Guardians and Conservators

(Please understand that the answers to these questions are general in nature and may not cover every individual situation.)

Some of the areas I practice in, estate planning out of the courts and probate in the courts, I get to see what works and what doesn’t.  As our population is aging, I am seeing more and more problems around what happens when our loved ones begin failing physically or mentally and what can be done to help make things easier.

One of the saddest things I see is when a spouse or child brings an incompetent parent or spouse in to get Powers of Attorney so someone can help care for their medical or financial decisions.  Of course, by definition, an incompetent person cannot sign such a document and have it be binding, so by then it is too late. Creating a Financial Power of Attorney and filling out the Utah Advance Health Care Directive is both easy and inexpensive and it saves having to file a Petition with the court.  That Petition, to be appointed the guardian and/or conservator by a District Court judge, will cost thousands of dollars, several weeks or months, and potentially a bit of embarrassment when you get to explain to the judge your mother is incompetent while she is standing right beside you.  Then, after you are appointed, you must report back to the court with accountings and updates, so the court can make sure things are going correctly.

There are two areas the law considers in the case of incompetence.  One is guardianship and the second is Conservatorship.  The appointment of guardianship gives you limited powers to make decisions concerning the physical well-being of the person.  It will generally include powers to deal with hospital care or assisted living care.  A guardian, however, does not have access to the person’s money or property.  Those powers belong to the conservator.  So to have the ability to admit someone to a hospital and also pay for it, you would need to be both the guardian and conservator.  The Utah Advance Health Care Directive is a checklist form that allows a person to appoint another her agent to make either all or only certain health care decisions on your behalf.  It can be found at any hospital.  I go through the form with my clients at the same time I draft Financial Power of Attorney, which does much the same thing only for the financial decisions.  It can give all or only specific powers.  It can go into effect immediately or only when you are deemed incompetent by two doctors.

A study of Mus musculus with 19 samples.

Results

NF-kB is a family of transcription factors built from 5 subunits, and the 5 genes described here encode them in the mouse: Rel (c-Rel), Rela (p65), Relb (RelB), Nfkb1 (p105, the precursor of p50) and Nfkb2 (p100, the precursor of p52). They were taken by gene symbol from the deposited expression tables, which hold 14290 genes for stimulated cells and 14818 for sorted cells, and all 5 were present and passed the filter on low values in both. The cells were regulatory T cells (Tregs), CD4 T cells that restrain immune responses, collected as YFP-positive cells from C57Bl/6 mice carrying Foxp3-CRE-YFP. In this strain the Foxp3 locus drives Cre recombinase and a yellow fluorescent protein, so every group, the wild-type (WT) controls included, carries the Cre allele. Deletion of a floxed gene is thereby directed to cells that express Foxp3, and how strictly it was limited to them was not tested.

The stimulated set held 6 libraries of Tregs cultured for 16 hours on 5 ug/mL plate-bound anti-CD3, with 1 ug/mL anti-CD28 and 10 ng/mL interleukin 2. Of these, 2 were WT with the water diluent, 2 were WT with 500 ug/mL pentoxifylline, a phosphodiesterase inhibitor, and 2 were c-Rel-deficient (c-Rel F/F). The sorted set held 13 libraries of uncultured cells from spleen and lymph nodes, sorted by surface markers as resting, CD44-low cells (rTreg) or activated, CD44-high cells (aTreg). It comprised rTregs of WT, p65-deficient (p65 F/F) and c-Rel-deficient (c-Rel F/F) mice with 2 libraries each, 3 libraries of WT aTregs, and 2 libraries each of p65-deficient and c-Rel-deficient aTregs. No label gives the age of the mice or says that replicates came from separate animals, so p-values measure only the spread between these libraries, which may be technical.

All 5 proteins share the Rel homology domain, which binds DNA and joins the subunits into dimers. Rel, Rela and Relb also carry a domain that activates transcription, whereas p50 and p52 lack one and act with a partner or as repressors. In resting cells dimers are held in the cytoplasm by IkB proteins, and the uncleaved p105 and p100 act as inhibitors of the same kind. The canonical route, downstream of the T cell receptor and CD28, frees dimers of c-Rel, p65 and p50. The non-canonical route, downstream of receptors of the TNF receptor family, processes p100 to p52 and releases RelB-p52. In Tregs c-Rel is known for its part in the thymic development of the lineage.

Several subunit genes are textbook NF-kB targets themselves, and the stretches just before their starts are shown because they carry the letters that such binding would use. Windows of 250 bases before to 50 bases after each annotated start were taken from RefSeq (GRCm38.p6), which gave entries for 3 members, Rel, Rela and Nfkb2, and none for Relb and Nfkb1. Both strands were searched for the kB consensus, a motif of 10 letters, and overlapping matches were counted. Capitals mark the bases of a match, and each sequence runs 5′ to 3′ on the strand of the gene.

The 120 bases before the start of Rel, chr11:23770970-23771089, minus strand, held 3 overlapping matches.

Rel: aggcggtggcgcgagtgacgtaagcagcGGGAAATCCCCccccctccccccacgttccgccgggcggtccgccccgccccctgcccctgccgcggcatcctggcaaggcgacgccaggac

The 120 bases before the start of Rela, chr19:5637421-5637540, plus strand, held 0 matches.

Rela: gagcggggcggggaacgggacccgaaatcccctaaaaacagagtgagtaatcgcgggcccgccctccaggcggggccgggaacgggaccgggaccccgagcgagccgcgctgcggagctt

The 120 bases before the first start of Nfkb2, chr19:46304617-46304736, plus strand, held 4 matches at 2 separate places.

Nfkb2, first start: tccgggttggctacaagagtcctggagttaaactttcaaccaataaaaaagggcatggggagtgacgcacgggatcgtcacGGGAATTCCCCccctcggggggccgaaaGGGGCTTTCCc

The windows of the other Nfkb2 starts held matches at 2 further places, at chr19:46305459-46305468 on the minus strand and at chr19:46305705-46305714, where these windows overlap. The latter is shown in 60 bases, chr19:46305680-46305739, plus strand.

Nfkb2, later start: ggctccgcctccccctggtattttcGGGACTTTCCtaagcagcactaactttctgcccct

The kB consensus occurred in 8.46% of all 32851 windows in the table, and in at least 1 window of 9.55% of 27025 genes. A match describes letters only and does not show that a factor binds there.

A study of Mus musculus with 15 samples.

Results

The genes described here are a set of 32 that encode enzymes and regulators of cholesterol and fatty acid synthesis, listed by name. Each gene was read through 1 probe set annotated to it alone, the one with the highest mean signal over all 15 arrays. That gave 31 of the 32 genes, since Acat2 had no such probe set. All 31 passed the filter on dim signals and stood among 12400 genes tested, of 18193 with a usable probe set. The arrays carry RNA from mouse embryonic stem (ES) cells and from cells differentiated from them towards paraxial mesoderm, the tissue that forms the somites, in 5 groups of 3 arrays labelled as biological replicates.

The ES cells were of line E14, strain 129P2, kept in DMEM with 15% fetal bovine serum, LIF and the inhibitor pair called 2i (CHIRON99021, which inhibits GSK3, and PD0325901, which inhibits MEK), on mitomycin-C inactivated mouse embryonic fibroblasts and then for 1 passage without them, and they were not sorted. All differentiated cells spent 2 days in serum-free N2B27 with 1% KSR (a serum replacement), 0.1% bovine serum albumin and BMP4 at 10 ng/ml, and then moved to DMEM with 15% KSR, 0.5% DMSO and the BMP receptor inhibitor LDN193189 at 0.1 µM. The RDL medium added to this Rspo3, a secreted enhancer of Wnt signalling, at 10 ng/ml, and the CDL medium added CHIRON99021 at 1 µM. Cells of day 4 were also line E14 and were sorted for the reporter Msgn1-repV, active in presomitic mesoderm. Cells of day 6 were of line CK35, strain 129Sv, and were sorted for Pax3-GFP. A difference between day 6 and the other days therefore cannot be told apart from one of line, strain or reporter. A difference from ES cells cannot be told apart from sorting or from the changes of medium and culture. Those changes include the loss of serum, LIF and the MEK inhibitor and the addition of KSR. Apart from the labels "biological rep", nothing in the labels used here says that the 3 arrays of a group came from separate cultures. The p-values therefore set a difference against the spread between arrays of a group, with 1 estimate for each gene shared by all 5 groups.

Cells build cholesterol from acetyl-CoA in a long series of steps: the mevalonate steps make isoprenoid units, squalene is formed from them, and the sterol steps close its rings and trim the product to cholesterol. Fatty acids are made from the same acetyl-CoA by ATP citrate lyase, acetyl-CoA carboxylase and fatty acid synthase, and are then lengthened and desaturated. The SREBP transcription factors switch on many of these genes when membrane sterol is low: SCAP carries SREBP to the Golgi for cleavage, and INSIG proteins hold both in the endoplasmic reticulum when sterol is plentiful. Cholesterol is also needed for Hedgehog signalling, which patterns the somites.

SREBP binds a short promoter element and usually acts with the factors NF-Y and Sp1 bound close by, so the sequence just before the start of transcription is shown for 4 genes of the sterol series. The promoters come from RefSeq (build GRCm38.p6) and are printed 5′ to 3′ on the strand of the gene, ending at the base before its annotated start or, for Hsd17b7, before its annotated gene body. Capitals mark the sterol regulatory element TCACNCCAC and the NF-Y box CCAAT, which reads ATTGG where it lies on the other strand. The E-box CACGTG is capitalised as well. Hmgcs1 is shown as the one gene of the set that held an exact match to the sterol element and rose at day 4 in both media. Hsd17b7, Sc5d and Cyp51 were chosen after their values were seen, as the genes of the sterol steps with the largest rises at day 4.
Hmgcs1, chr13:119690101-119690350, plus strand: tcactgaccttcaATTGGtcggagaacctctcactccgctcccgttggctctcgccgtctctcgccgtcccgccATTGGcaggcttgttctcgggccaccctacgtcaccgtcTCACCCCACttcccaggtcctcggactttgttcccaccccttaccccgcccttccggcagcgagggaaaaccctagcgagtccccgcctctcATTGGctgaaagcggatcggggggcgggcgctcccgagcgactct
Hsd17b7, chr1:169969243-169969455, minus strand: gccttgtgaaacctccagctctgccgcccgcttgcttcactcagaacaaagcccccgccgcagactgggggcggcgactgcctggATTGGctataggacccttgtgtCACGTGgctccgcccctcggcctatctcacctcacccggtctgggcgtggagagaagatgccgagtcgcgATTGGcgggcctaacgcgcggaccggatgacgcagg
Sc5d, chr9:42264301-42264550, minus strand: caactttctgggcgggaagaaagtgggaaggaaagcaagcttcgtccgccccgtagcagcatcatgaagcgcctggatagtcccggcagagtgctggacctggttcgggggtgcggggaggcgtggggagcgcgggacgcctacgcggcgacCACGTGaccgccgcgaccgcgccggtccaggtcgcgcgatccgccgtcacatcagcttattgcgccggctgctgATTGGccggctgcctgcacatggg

I participate in a court program where I volunteer to represent an incompetent person, without charge, when a family member files a petition to appoint himself or herself a guardian for that person, and there is no money to hire attorneys to go through this fairly complex court process.  My job, in that case, is to interview the person to make sure she is incompetent and to represent her through the process to ensure it is needed, it is the least restrictive possible, and that, frankly, there is no funny business going on.  While I am happy to help out, I really feel for the family member trying to figure out what pleadings need to be filed, what has to be done, and attending a hearing and talking to the judge in a courtroom full of people.  This situation is almost always caused because the incompetent person didn’t take the time to visit an attorney and have Powers of Attorney drafted while still healthy, so that, when competency becomes a question, the agent can take over without the cost, time, and stress of going to the courts to be appointed.  Making difficult decisions to care for a failing spouse or parent is very demanding on its own.  There is no need to pile the other on top.  So go to an experienced attorney in this area and, even if you don’t do a Will and Trust (which takes care of things after you die), have the Powers of Attorney to take of your issues while you are still alive.

Now one glimmer of hope if you are with someone whose mental health is starting to fail.  The standard to determine financial competency is probably lower than you think, so get the person into a lawyer as soon as possible and you may still be able to get the Powers of Attorney done in time.